Dave Anderson, a sports columnist for The New York Times for more than three decades and the recipient of a Pulitzer Prize for commentary, an award rarely bestowed on a sports writer, died Thursday in Cresskill, N.J. He was 89.
His death, at an assisted living center, was announced by his son Stephen. Mr. Anderson had lived for many years in Tenafly, N.J.
Growing up in Brooklyn, New York, where Dodger ballplayers were idolized by many a youngster, Mr. Anderson channeled his love for sports in a different direction.
“My heroes were sports writers: Frank Graham, Jimmy Cannon, Red Smith, Arthur Daley, W.C. Heinz,” he told the Shirley Povich Center for Sports Journalism in 2014. (Povich was an award-winning sports writer for The Washington Post.)
Mr. Anderson wrote for his high school and college newspapers and got his first newsroom job at 16, in the mid-1940s, when he was hired as a messenger by The New York Sun, where his father worked in advertising sales.
After college he covered the Dodgers for The Brooklyn Eagle in 1953 and 1954. When that newspaper went out of business in 1955, he went to The Journal-American. He moved to The Times as a general assignment sports writer in 1966.
Mr. Anderson began writing the Sports of The Times column five years later. He was among three sports writers who have received a Pulitzer for commentary, a category dating to 1970. Red Smith, Mr. Anderson’s fellow Times columnist, was the first recipient, in 1976. Mr. Anderson won his Pulitzer in 1981, and Jim Murray of The Los Angeles Times was honored in 1990. Mr. Anderson also received The Associated Press Sports Editors’ Red Smith Award in 1994 for major contributions to sports journalism.
On winning his Pulitzer, Mr. Anderson remarked that sportswriting was “part of American culture, just as much as music, art, or anything else.”
David Poole Anderson was born on May 6, 1929, in Troy, New York, the only child of Robert and Josephine (David) Anderson. One of his grandfathers was publisher of The Troy Times, and his father was the advertising director. His family moved to the Bay Ridge neighborhood of Brooklyn when he was 9.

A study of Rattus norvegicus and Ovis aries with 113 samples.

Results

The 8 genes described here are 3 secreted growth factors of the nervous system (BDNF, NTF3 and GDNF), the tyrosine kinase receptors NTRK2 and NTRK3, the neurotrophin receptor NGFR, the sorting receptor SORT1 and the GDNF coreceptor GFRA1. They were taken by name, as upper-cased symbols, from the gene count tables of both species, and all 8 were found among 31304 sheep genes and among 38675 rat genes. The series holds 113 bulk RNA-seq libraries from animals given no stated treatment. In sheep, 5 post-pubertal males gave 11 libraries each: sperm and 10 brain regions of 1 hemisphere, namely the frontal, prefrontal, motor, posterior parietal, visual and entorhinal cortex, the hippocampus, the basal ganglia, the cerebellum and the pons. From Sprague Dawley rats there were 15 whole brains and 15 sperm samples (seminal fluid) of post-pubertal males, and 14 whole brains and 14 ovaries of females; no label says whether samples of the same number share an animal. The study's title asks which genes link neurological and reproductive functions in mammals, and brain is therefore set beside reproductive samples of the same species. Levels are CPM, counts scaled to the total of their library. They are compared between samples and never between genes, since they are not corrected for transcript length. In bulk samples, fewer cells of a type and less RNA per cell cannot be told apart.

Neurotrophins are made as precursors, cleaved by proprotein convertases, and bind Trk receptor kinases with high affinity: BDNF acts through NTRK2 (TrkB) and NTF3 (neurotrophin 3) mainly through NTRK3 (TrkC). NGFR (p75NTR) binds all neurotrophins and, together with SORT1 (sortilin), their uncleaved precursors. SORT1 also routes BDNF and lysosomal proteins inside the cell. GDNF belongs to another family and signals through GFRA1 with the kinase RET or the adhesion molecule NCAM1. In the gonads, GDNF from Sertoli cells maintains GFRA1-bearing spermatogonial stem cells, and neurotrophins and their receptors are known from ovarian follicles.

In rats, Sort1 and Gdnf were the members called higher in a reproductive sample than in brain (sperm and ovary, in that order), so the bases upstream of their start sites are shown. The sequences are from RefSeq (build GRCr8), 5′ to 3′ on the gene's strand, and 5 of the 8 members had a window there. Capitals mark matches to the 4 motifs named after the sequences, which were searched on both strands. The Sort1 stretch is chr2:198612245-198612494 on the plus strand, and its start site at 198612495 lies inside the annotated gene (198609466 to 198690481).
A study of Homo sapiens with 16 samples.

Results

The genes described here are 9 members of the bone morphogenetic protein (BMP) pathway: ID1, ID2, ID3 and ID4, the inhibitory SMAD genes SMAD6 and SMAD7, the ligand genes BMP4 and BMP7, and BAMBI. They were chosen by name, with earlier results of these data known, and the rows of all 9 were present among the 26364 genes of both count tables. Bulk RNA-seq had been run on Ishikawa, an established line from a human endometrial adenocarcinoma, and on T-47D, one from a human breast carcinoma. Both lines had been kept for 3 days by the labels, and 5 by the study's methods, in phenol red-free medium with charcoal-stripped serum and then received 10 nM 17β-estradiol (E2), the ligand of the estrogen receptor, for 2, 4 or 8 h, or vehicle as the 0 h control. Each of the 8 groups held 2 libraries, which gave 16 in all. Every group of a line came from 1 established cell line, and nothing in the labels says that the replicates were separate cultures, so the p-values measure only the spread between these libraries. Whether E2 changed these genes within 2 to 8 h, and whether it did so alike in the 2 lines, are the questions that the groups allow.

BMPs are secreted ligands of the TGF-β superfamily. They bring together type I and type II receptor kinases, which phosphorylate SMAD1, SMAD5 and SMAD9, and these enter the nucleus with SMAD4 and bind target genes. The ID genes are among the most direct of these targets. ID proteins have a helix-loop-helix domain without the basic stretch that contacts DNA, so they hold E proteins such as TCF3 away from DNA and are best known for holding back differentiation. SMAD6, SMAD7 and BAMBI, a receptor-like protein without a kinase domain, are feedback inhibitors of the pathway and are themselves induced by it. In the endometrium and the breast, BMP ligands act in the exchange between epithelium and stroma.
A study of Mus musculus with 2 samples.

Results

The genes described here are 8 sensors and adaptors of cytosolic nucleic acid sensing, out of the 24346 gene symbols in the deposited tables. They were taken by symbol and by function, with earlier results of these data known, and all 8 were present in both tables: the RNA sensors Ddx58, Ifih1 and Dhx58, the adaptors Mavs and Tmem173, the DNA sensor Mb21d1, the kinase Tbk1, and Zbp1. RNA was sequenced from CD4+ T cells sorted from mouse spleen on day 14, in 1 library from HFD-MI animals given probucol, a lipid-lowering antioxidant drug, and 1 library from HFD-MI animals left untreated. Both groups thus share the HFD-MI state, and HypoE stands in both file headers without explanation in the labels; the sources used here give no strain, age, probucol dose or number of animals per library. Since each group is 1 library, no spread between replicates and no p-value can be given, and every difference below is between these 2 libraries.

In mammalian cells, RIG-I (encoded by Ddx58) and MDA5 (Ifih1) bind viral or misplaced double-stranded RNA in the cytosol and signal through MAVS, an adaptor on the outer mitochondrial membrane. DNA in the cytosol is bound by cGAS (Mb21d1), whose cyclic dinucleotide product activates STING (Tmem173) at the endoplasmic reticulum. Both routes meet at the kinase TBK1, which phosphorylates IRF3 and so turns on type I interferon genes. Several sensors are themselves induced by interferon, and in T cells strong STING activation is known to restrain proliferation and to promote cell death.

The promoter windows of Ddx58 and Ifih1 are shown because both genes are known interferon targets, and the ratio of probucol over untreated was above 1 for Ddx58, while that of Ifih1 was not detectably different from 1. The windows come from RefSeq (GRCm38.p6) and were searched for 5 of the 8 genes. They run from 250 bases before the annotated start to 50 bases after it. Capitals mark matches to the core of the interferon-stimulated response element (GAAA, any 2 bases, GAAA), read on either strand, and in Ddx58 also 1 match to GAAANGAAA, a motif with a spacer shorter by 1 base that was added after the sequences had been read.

Mr. Anderson wrote for the newspaper at Xavier High School in Manhattan and became the sports editor of the paper at Holy Cross College in Worcester, Mass. He graduated from there in 1951 with a degree in English literature.
He was especially remembered for covering golf (he was an avid golfer), boxing, professional football, and baseball.
In addition to his newspaper work, Mr. Anderson wrote books and hundreds of magazine articles. His books include “In the Corner: Great Boxing Trainers Talk About Their Art”; “Muhammad Ali,” a visual biography with Magnum Photographers; “Pennant Races: Baseball at Its Best”; and collaborations with Frank Robinson, John Madden, and Sugar Ray Robinson on their memoirs.
He retired from full-time column writing in 2007 and contributed columns to The Times after that on a part-time basis.
In addition to his son Stephen, Mr. Anderson leaves another son, Mark; two daughters, Jo and Jean-Marie Anderson; three grandchildren; and one great-grandson. His wife of 60 years, Maureen (Young) Anderson, died in 2014.
The thrill of newspaper work never left Mr. Anderson, as he made clear in 2014 when he recalled a night in 1956 when he had covered a New York Rangers game in Montreal for The Journal-American.
Mr. Anderson was on a train heading back to New York City when, as the train slowed at the border at Rouse’s Point, N.Y., he had the task of tossing game stories by the New York sports writers to a Western Union telegrapher standing by the tracks.
In the morning, he picked up a copy of The Journal-American at Grand Central Terminal.
“There was the story,” he said. “It was exciting. Even now, when I’m writing, I wake up on a Sunday and still get excited if I’m in the paper.”